What is Transcranial Pulse Stimulation?
Transcranial Pulse Stimulation (TPS): Activating Neural Networks with Shockwaves
Transcranial Pulse Stimulation (TPS) is a non-invasive brain stimulation method used in the field of neuromodulation. Neuromodulation refers to technologies that act directly on the nerve cells. Neuromodulation causes the change – or modulation – of nerve activity by delivering electrical impulses or pharmaceutical agents directly to a target area.
Brain Stimulation Technique TPS: Targeting Brain Regions
TPS uses low-energy shock wave pulses to stimulate specific brain regions. These are very short, singular pulses (duration 3-5 microseconds). In combination with the camera navigation integrated into the system, the TPS enables an exceptionally precise application of the stimulation pulses, which are individually adapted to the patient’s brain. The integrated camera and the device software are used for visualisation and control of the applied pulses in real time as well as for documentation.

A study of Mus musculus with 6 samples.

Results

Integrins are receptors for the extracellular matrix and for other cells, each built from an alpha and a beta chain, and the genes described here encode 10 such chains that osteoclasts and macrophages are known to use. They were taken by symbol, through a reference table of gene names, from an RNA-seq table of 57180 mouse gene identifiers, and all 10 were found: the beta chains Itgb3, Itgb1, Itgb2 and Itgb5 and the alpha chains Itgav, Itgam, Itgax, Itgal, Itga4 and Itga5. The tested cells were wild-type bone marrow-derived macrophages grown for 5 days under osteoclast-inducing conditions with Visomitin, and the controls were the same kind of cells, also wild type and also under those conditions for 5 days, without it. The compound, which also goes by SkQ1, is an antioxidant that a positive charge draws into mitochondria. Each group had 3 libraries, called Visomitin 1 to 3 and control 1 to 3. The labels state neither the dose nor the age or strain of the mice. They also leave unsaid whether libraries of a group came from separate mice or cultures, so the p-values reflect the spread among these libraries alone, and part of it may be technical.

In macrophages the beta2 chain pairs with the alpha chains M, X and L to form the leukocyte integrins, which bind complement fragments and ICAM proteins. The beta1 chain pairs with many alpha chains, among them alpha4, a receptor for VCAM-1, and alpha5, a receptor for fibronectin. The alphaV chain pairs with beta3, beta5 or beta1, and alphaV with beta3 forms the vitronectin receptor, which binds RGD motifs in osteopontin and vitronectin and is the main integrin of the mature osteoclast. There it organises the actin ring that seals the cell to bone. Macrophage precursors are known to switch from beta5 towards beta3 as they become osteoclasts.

TPS: Non-invasive, outpatient procedure
The TPS principle is based on the use of shock waves that penetrate non-invasively through the skull bone and act directly on the underlying brain tissue. The penetration depth reaches up to 8 cm into the brain, so that the shock waves, also called sound waves, can reach almost every region of the human brain. The energies used in TPS are in the range of 0.2 to 0.25 mJ/mm2. The intensity of these shock waves is low enough not to cause any damage to the brain tissue. TPS is applied on an outpatient basis under medical supervision in clinics and surgeries. Treatment involves moving a transducer over the scalp and delivering shock waves to the affected areas of the brain. A single treatment session usually lasts 30 minutes. However, the duration of treatment varies depending on the clinical picture and the individual needs of the patient.